The federal government duds Victoria on transport spending - Grattan Institute

Treasurer Tim Pallas is demanding a fairer share of the GST revenue for Victoria, since we – along with NSW – have been hit far harder than the smaller states by the pandemic, and now face the bill for the health response and business supports.

The Treasurer is absolutely right that Victoria isn’t getting fair recognition of the pandemic burden via the divvying up of GST revenue. But that’s not the only place we’re being dudded by the federal government.

Victoria consistently misses out on federal transport spending. Of the funding we do get, the federal government is all too happy to play favourites with marginal seats.

Victoria has 26 per cent of Australia’s population, but new Grattan Institute research reveals that over the past six terms of federal government – two Labor and four Coalition – we’ve received just 18 per cent of the federal transport funds.

This underweighting cannot be explained by our rate of population growth over the period, or the length of Victorian roads, the amount of passenger or freight traffic, or how much it actually costs the state government to run the transport system.

The states that do better are Queensland and NSW – which just happen to be the states where federal elections are usually won and lost.

The federal government compounds this inequity by funnelling much more discretionary transport funding to the most marginal seats.

The Auditor-General highlighted the pork-barrelling of $660 million for commuter car parks, but what he didn’t examine was what happened to the remaining $4.2 billion in the federal government’s Urban Congestion Fund.

This massive fund sent more than $200 million to each of three marginal Coalition seats: Higgins, centred on Malvern; La Trobe, centred on Pakenham; and Casey, centred on Healesville. Meanwhile, no Urban Congestion Fund dollars went to the safe Labor seats of Wills, centred on Coburg; Gellibrand, centred on Altona and Point Cook; or Hotham, centred on Clayton.

The Coalition federal government is also busy rewarding its base. We’ve known about the commuter car parks for Kooyong, but Grattan research shows the problem is much worse. The five electorates that got the most urban congestion largesse are all in government hands, with Aston, centred on Knoxfield, taking top place at close to $300 million. Of the nine electorates that got none of the Urban Congestion funds, seven are held by Labor and one by the Greens.

For an urban congestion fund, it’s surprising that the electorate that holds the CBD, the Greens-held seat of Melbourne, got just $5 million, while the marginal electorate of Flinders, which includes the Mornington Peninsula, received nearly $100 million, and the marginal electorate of McEwan, which holds Woodend, got $170 million.

The bigger question is why the federal government is funding small local projects in the first place.

The role that the federal government has agreed with the states is that it will contribute to nationally significant infrastructure; that is, where there are benefits to a road or rail link that spill over beyond the state where that road or rail lies.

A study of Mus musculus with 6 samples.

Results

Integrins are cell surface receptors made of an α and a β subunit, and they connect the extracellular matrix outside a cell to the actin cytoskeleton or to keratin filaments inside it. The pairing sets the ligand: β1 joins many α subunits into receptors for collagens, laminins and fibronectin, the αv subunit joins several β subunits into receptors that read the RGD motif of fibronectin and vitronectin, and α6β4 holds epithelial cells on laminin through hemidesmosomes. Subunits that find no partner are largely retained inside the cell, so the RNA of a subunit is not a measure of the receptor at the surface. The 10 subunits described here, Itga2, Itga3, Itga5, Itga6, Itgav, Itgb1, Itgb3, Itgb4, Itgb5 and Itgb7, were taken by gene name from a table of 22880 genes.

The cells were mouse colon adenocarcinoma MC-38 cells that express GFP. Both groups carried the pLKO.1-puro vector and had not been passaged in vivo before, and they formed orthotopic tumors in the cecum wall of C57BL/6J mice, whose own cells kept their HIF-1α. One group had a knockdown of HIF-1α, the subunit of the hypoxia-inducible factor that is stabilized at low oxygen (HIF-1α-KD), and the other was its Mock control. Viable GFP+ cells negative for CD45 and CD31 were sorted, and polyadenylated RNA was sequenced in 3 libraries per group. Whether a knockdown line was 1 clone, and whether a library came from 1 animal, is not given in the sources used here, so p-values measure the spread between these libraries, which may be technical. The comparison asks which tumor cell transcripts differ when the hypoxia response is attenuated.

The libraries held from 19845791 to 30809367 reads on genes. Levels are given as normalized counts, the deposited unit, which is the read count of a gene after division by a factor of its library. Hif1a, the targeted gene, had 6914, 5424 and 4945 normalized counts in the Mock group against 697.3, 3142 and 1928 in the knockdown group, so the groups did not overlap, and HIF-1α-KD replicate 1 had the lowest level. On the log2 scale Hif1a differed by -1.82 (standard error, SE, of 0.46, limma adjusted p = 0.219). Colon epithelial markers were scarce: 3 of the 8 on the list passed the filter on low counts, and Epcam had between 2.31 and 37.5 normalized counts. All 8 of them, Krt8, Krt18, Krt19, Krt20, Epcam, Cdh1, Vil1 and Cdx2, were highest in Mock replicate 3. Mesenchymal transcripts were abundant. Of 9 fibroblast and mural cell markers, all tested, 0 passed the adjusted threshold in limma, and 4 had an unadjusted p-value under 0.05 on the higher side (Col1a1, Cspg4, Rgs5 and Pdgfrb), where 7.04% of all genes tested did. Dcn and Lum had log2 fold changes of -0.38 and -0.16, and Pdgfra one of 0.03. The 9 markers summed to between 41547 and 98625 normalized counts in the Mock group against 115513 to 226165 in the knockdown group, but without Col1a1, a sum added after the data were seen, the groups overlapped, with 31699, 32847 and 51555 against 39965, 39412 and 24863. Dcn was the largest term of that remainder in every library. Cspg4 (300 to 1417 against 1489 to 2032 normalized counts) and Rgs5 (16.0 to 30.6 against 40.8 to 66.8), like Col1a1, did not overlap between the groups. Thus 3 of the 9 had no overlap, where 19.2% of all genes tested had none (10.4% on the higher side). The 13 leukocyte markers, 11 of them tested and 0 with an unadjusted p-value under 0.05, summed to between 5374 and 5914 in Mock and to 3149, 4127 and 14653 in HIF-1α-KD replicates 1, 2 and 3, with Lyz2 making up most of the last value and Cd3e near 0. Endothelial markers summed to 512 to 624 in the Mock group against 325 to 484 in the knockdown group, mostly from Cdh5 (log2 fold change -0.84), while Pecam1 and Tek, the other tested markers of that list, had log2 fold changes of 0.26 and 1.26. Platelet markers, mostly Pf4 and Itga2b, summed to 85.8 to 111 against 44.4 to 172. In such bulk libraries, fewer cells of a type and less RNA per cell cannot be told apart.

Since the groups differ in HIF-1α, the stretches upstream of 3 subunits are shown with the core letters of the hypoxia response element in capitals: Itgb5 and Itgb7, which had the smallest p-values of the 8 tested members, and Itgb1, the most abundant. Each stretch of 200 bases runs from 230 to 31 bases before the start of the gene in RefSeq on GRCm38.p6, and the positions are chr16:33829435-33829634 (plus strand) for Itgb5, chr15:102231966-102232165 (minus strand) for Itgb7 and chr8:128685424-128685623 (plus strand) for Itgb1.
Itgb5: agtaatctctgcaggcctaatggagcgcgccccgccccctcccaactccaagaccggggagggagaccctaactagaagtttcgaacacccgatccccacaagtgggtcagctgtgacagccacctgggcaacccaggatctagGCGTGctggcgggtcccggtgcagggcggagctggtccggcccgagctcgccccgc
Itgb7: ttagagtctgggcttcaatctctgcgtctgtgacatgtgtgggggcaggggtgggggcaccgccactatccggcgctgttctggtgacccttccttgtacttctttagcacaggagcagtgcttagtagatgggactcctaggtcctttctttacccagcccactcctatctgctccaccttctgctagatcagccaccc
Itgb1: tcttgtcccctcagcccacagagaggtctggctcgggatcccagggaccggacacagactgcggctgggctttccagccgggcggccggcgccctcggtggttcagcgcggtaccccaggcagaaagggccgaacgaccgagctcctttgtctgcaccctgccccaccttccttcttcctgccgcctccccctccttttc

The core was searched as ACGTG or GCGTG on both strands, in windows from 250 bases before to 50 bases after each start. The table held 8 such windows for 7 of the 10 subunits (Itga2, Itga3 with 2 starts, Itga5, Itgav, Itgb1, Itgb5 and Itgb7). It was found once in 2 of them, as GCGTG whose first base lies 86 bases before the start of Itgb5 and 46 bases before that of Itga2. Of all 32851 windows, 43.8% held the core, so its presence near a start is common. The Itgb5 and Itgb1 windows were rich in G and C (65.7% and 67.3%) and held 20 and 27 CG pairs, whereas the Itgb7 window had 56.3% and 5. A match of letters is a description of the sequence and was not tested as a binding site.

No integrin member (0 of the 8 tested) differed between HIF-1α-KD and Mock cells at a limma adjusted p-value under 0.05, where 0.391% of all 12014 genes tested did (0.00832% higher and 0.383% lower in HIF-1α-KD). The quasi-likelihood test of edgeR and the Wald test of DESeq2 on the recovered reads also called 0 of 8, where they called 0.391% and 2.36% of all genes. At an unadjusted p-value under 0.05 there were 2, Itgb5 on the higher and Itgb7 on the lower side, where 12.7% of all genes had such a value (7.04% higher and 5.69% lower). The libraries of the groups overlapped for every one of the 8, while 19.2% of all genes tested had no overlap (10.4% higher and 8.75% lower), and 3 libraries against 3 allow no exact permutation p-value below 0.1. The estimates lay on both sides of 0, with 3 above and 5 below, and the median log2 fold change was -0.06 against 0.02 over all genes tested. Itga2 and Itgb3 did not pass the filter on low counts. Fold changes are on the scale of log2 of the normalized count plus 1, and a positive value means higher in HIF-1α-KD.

Roundabouts, overpasses, and commuter car parks can be very important to the community where they lie, but it’s hard to make the case that any car park in the land is nationally significant.

Commuter car parks have attracted attention when they’ve been cancelled due to infeasibility or community opposition. But they’re by no means the only small local projects funded by the federal government. In the past 13 years, successive federal governments have funded nearly 800 roundabouts, overpasses, and car parks that are not connected with any nationally significant roads or rail lines.

Of course, nobody is surprised that politicians are throwing money at seats they hope to win at the upcoming federal election. Some people defend it – after all, aren’t politicians supposed to lobby hard in Canberra for their communities? Perhaps – but not like this.

Throwing money at marginal seats and electorally important states ignores questions of what communities actually need, and never is that truer than when politicians whip up ideas on the back of an envelope or based on a colour-coded electorate spreadsheet.

Voters should demand better. Whichever party wins the 2022 federal election should strengthen the transport spending guardrails. The government, whether Labor or Coalition, should require a minister, before approving funding of a project, to consider and publish Infrastructure Australia’s assessment of the project, including the business case, cost/benefit analysis, and ranking on national significance grounds.

And the next federal government, whether Labor or Coalition, should stick to its job: no more roundabouts, overpasses or car parks, just nationally significant infrastructure funded in an even-handed way.

Marion Terrill

Transport and Cities Program Director
Marion is a leading transport and cities expert with a long history in public policy. She has worked on tax policy for the federal Treasury, and led the design and development of the MyGov account. She has provided expert analysis and advice on labour market policy for the Federal Government, the Business Council of Australia, and at the Australian National University.